Key value for chemical safety assessment

Bioaccumulation potential:
no bioaccumulation potential

Additional information

Mode of action of the chemical, toxicokinetics and metabolism

Limited toxicokinetic and metabolism data are available for GMA. The metabolism of glycidyl methacrylate in mammals is hypothesized to proceed by at least two different and competing enzyme systems, epoxide hydratase and non-specific carboxylesterases. Metabolism of GMA by carboxylesterase would result in formation of glycidol and methacrylic acid as metabolites, while initial metabolism by epoxide hydrolase would result in the formation of glycerol methacrylate. The relative speed at which the two competing metabolic reactions occur in different tissues and species is likely to be important for understanding the toxicity of glycidyl methacrylate.

 

Species differences in the activity of these enzymes suggest that the carboxylesterase route of metabolism may predominate in the nasal tissue of rabbits (yielding glycidol and methacrylic acid) whereas the epoxide hydratase route would likely predominate in rats and humans (producing glycerol methacrylate, then glycerol and methacrylic acid by carboxylesterase).(Bogdanffy et al.: 1987, Dahl et al.: 1987, Glatt et al.: 1984, Mattes and Mattes: 1992, Pacifici et al.: 1981).

 

Toxicokinetics of glycidyl methacrylate were investigated in rabbits. After an intravenous injection at 200 mg/kg, over 95 % of the parent compound disappeared from the blood within 10 minutes according to a two-compartment open model. Following a subcutaneous injection at 800 mg/kg, the toxicokinetics appeared to fit a first-order absorption one-compartment open model. This chemical was metabolized by incubation with whole blood, plasma, erythrocyte suspension, and homogenates of various tissues. The subcutaneous co-administration of tri-o-cresyl-phosphate (a carboxylesterase inhibitor) with this chemical resulted in about a ten-fold increase in the maximum blood concentrations, compared to those of animals dosed with this chemical alone. (Shi Tao et al.: 1988). This finding suggests a key role of carboxylesterase in glycidyl methacrylate metabolism and although metabolites were not specifically measured, could implicate glycidol as that metabolite.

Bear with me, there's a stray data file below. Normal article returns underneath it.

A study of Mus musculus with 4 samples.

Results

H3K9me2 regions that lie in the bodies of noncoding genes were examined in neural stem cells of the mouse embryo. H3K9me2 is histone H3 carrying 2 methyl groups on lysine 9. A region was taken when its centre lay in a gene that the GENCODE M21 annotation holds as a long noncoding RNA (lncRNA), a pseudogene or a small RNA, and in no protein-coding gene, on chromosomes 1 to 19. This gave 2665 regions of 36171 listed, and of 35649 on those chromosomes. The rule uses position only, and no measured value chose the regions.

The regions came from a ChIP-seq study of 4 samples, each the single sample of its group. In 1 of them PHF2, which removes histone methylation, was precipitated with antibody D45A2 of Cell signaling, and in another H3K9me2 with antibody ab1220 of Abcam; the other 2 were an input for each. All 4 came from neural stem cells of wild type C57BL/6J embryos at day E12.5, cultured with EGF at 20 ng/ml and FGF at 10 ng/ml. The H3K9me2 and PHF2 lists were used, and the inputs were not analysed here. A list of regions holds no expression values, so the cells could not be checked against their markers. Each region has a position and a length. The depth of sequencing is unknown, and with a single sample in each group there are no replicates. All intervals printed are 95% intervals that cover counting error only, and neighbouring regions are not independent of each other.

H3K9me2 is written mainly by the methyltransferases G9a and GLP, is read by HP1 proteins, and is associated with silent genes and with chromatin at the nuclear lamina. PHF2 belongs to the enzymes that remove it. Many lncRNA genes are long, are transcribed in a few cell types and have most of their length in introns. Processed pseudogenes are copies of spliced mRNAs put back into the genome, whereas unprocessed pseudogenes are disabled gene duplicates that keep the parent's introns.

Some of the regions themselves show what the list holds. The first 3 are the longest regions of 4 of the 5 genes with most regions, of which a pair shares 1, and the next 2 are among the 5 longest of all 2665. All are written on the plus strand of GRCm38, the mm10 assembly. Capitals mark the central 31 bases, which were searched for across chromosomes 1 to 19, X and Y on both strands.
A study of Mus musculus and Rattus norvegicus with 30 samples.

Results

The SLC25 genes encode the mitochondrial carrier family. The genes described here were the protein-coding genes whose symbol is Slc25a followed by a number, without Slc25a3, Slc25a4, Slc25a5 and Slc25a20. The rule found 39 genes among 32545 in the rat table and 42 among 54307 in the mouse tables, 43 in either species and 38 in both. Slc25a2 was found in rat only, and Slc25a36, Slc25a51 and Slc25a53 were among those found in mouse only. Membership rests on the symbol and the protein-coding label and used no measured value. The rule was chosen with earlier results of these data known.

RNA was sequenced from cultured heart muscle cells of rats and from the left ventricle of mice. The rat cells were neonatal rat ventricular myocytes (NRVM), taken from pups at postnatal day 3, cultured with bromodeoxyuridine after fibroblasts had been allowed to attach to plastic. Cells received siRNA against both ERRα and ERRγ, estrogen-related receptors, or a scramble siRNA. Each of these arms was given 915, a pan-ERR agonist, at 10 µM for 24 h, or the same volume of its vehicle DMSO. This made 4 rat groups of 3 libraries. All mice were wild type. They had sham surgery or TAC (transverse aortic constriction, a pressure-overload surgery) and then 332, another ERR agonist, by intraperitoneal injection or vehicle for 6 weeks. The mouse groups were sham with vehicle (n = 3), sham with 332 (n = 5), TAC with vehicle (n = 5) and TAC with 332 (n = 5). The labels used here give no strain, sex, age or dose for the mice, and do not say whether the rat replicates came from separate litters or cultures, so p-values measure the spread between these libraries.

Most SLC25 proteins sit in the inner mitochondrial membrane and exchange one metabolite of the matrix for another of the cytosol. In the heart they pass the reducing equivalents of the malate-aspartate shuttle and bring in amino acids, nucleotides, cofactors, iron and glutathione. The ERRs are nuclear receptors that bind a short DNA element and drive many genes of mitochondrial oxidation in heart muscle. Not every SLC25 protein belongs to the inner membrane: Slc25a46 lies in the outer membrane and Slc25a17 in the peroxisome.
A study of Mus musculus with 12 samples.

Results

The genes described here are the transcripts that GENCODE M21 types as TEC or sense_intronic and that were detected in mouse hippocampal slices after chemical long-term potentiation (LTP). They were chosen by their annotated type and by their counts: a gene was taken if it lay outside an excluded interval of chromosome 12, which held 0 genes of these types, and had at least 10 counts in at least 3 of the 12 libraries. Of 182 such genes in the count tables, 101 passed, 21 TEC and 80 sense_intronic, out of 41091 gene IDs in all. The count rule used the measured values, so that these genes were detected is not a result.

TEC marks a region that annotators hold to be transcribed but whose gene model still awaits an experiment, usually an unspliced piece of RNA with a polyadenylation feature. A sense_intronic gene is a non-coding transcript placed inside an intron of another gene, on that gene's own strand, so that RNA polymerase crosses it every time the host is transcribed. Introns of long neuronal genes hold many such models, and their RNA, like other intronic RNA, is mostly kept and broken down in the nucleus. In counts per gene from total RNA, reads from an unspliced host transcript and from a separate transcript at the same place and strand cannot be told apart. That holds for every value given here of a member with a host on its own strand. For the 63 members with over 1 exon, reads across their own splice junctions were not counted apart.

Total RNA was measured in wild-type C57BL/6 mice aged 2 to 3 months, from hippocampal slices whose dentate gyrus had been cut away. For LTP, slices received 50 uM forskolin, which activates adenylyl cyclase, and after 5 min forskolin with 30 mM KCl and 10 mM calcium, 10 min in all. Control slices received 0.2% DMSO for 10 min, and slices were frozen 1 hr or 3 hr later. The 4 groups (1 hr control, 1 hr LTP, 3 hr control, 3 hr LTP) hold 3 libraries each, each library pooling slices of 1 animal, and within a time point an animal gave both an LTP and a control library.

More definitive work on the metabolism of glycidyl methacrylate (GMA) was studied by Domoradzki et al. (2004)in vitro using liver homogenate and nasal epithelial tissues from humans, rats and rabbits. Radiolabeled GMA [14C 1,3- glycidyl] was used in this study and was 92% radio chemically pure. In vitro incubations of14C GMA with tissue preparations from human, rat and rabbit resulted in the formation of only one metabolite. This metabolite was tentatively identified as glycidol based on retention time match with14C-glycidol. At an initial starting concentration of GMA at 2 mM, half-lives of GMA hydrolysis were faster in incubations with rat and rabbit tissue. Although the biotransformation was faster in rats and rabbits as compared to humans (completed within 30 minutes versus 2 hours), under all circumstances only one metabolite appeared which was tentatively identified as glycidol (EINECS 209 -128 -3).

 

Results indicate that glycidyl methacrylate is rapidly metabolized in vivo in rabbits as measured by disappearance of parent material (95% of intravenous administered dose of 200 mg/kg eliminated within 10 minutes). Maximum blood levels of GMA were increased by 10 fold in rabbits co-administered a carboxylesterase inhibitor indicating that glycidyl methacrylate was likely metabolized by carboxylesterase to glycidol and methacrylic acid. Domoradzki observed similar findings in rat and rabbit liver and respiratory tract epithelium cell fractions in vitro. Gycidol was identified as the metabolite of glycidyl methacrylate in this study.

Metabolism of GMA to glycidol has ramifications for hazard identification. Glycidol has a harmonised classification according to REACH and CLP as carcinogenic (category 1B), germ cell mutagenic (category 2) and toxic to reproduction (category 1B).